Children under 13

The GDPR requires that parents or guardians must give permission for organisations to offer an online service in order to hold or process the personal data of those under the age of 16. An online service can be anything from a search engine, to bespoke software like iKnow Church.

However, there is a provision within the GDPR for member states like the UK to lower this age if they see fit. In the UK, the ‘age of consent’ for allowing the storage of their own data is 13.

When the child reaches 13 they themselves need to give their own permission, as well as allowing you to keep holding the older data.

Bear in mind that even if you are not offering any online services, you are likely to be storing and processing special category data belonging to children, which is among the most sensitive information to which your church will have access. The GDPR makes special mention of children and the processing of their data. You can read the ICO’s current draft advice on the website (PDF). If this data is going to be shared with any third parties, you will need consent.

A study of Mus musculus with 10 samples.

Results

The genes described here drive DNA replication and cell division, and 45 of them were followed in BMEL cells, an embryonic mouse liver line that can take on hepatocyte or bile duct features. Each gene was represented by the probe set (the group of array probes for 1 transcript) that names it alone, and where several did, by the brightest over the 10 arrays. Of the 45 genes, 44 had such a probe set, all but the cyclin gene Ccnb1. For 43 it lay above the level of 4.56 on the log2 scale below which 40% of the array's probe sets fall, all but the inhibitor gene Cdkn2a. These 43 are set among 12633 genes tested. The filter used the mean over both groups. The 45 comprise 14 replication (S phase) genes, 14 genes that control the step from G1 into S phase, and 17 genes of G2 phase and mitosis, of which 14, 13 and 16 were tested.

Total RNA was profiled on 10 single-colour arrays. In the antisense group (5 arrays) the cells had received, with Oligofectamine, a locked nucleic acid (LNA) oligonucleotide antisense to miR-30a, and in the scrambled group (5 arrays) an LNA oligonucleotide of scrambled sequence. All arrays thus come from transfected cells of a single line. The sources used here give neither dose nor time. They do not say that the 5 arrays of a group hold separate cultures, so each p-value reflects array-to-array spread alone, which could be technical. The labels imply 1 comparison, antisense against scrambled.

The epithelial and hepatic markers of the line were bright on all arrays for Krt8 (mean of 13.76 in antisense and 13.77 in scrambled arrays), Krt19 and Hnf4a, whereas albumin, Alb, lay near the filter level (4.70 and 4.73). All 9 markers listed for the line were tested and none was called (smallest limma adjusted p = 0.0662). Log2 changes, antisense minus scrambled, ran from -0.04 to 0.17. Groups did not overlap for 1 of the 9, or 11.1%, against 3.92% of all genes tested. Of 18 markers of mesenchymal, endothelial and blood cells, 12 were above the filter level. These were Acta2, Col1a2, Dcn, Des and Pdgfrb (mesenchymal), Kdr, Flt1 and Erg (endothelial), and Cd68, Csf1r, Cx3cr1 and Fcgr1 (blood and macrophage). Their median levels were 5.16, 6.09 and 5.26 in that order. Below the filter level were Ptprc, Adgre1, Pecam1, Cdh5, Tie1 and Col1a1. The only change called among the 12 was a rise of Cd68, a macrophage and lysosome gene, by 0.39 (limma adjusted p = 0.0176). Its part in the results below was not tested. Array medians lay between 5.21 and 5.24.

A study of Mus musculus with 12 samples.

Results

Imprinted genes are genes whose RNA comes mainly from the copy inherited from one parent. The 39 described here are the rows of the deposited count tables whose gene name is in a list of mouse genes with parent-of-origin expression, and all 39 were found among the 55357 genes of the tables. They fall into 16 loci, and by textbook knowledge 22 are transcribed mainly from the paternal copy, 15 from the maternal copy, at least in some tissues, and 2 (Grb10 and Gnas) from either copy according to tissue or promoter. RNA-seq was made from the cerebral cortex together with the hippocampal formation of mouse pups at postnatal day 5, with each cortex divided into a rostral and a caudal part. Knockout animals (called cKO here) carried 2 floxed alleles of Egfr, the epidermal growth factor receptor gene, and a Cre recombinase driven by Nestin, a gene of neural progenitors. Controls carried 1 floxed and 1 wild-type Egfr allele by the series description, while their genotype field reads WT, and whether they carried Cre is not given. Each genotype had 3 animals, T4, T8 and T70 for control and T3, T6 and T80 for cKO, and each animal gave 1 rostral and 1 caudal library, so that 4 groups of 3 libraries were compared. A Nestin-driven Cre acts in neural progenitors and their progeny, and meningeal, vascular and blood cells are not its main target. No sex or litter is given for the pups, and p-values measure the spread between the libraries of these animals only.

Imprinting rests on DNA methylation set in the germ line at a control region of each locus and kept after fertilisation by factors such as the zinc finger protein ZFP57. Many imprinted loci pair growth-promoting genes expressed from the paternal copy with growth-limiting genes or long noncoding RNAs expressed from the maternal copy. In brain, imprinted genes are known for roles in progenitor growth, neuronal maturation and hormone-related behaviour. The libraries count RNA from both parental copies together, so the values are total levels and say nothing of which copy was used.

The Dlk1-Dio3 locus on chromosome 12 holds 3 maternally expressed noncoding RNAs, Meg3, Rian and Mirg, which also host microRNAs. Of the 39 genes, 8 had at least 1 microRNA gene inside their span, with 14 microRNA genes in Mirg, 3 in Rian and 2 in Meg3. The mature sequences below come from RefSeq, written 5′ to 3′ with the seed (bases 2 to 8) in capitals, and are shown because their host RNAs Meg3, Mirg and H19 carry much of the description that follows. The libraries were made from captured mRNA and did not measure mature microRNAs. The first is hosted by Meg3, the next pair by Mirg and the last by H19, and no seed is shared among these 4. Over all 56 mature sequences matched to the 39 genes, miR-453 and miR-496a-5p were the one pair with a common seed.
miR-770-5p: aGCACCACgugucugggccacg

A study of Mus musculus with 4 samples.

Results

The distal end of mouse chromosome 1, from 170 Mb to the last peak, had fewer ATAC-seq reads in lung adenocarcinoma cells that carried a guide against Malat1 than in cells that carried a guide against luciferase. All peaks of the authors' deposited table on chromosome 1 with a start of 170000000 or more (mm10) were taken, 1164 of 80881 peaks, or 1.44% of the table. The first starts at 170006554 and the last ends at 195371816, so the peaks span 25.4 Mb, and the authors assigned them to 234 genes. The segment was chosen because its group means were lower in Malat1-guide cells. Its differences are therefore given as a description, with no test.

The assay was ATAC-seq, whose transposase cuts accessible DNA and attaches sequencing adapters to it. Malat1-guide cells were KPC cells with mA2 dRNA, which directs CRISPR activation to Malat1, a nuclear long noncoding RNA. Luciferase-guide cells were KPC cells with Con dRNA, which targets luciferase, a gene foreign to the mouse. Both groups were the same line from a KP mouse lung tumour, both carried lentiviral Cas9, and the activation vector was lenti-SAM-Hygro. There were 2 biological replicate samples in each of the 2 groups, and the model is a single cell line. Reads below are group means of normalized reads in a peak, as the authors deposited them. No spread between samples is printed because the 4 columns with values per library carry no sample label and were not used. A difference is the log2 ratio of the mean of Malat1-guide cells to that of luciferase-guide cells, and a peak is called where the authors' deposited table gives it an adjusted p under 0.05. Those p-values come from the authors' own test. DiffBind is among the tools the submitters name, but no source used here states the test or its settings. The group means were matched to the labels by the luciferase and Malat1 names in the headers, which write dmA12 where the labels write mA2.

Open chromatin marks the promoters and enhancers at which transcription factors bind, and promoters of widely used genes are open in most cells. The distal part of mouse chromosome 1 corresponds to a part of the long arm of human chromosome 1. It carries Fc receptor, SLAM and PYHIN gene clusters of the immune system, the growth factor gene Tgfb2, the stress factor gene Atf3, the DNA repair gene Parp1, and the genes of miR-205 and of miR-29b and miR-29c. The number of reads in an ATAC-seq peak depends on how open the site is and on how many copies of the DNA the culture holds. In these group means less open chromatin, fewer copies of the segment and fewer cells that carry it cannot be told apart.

Although their parents or guardians may give permission on the child’s behalf, you should still try to ensure that you are taking special care with children’s data. Your Privacy Policy and other documentation should be written in clear, plain language which is easy to understand. You should avoid automated decision-making that you may have in place for processing adult’s data. You should also make some reasonable effort to ascertain that an adult giving proxy permission actually does have legal parental responsibility. This will likely not be the case for grandparents, older siblings, or step-parents, unless a court order has been made.

Keep in mind that consent is only one of the six possible lawful bases, and may not always be the most appropriate when dealing with a child. Unless you can be absolutely sure that the child fully understands, you should seek consent from an adult with parental responsibility.

Parental consent is not required if the child is accessing counselling or preventitive services.